CVT transmissions: My thoughts

The culprit
So today at work I had to deliver a Nissan Sentra which was equipped with a CVT transmission before I go any further I should explain this would be my first time I drove a CVT equipped vehicle. The only other time I've driven is just moving them around in a parking lot which doesn't really let you get a good feel of how it works. Before I give my opinion I will explain the benefits and what the big difference between CVT's and conventional automatics are.

CVT transmissions can work a number of different ways but the most basic method is having a set of pulleys and belts that shift up and down on a shaft to alter the angle at which the belt is sitting on the pulleys. This changes the ratio from input to output based on how the pulleys move on the shaft, it is important to note that this doesn't affect the distance or length of the belts in anyway. The big difference between the two is CVT transmissions allow constantly variable ratios meaning they have no fixed gears like a traditional transmission. This allows them to increase fuel efficiency by keeping the engine at it's sweet spot all the time. This also means in theory the car would also accelerate fast due to the engine remaining in peak power all the time. A traditional automatic works based on fixed ratios and has a set number (5 speed for example) this means when the transmission changes gears there is a drop (or increase) in engine revolutions which could take it out of peak power or put it in to peak power.

Nissan's CVT
Now back to my delivery. When I got in the Sentra it of course looks like any vehicle inside the typical labels were on the shifter (P R N D L) however when put into "D" the car drives much different. When you start to accelerate the engine revs up quickly and stays there as your speed increases. I knew this would happen, but what I didn't know was how bad the sound would be. It sounded like an angry weed whacker. It did end of course quiet down when the vehicle got up to speed where the engine dropped to 1100 RPM, so you go from loud to near silence. While I liked how quiet it was cruising a long at the speed limit, getting there is very annoying. This is how the transmission is so fuel efficient because while cruising along it revs low down and upon acceleration it only revs up for a short period of time. However the noise when accelerating is not pleasant at all, I dreaded every stop light just because of that. The other thing I found was the transmission didn't react that great to speeding up or making a pass, it would let the engine rev up but there was always a fair delay between that and actually increasing in speed. This became annoying in city traffic while having to change lanes and quickly pick up speed.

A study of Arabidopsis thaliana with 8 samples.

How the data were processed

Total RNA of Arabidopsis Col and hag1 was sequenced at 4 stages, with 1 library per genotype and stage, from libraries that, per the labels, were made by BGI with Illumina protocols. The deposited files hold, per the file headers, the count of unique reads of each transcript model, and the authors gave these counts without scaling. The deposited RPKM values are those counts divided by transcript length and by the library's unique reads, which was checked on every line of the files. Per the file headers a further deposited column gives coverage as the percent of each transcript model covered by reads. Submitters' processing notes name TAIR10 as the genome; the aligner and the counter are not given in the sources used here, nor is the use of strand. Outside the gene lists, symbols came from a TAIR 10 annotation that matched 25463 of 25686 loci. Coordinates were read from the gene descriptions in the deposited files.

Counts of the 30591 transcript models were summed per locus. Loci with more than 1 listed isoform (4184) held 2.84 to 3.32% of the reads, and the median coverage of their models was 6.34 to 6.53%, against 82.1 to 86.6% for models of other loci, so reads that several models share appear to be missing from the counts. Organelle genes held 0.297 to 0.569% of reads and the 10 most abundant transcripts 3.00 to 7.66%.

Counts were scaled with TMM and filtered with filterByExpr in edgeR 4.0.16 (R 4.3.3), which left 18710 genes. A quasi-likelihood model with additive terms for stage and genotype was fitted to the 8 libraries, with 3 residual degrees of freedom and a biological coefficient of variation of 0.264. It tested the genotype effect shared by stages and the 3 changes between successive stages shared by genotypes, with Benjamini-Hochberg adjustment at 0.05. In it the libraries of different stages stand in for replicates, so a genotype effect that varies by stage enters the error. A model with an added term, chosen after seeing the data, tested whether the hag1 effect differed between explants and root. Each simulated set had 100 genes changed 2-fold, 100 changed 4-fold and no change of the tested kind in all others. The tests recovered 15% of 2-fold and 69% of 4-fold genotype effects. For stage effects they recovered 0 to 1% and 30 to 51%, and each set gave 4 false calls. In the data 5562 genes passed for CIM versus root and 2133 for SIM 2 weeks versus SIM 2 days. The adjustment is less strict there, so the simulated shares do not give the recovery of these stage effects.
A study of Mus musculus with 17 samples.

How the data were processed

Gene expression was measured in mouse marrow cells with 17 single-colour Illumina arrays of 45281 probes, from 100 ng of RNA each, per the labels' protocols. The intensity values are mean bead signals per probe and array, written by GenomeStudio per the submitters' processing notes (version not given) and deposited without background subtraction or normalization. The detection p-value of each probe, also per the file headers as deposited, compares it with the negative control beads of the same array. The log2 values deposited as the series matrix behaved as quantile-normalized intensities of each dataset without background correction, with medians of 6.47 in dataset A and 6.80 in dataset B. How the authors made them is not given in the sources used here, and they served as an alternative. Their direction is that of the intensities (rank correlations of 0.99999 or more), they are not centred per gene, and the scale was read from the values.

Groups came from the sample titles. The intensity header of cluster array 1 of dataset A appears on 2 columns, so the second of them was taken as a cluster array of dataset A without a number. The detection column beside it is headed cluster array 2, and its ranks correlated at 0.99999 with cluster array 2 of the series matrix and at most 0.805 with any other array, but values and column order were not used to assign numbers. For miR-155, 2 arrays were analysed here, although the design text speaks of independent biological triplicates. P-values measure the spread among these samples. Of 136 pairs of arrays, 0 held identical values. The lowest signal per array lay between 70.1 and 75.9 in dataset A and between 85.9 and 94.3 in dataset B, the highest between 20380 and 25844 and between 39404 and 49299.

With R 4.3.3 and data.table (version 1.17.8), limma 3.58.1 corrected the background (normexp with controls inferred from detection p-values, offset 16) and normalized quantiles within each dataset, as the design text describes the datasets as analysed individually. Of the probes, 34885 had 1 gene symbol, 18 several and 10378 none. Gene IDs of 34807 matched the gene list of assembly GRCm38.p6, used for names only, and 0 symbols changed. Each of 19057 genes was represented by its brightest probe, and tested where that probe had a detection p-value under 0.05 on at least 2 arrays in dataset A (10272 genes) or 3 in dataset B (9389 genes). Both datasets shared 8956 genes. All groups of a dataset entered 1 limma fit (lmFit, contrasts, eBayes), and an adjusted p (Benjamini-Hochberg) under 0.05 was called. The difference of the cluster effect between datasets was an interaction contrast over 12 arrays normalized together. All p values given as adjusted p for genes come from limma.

In actual practice the CVT isn't as great as I had thought, the fuel efficiency would be nice but getting it isn't worth the sacrifice in my mind. I think I now know why luxury manufacturer's like Nissan's Infiniti use 7 speed autos instead of the CVT, it's very loud and seems very unrefined as a result. I wonder if soundproofing could solve this issue and a large displacement engine would allow the car to rev lower during acceleration and thus create less noise. I'm guessing it would help to a certain degree but not enough otherwise we would see Infiniti's with CVTs.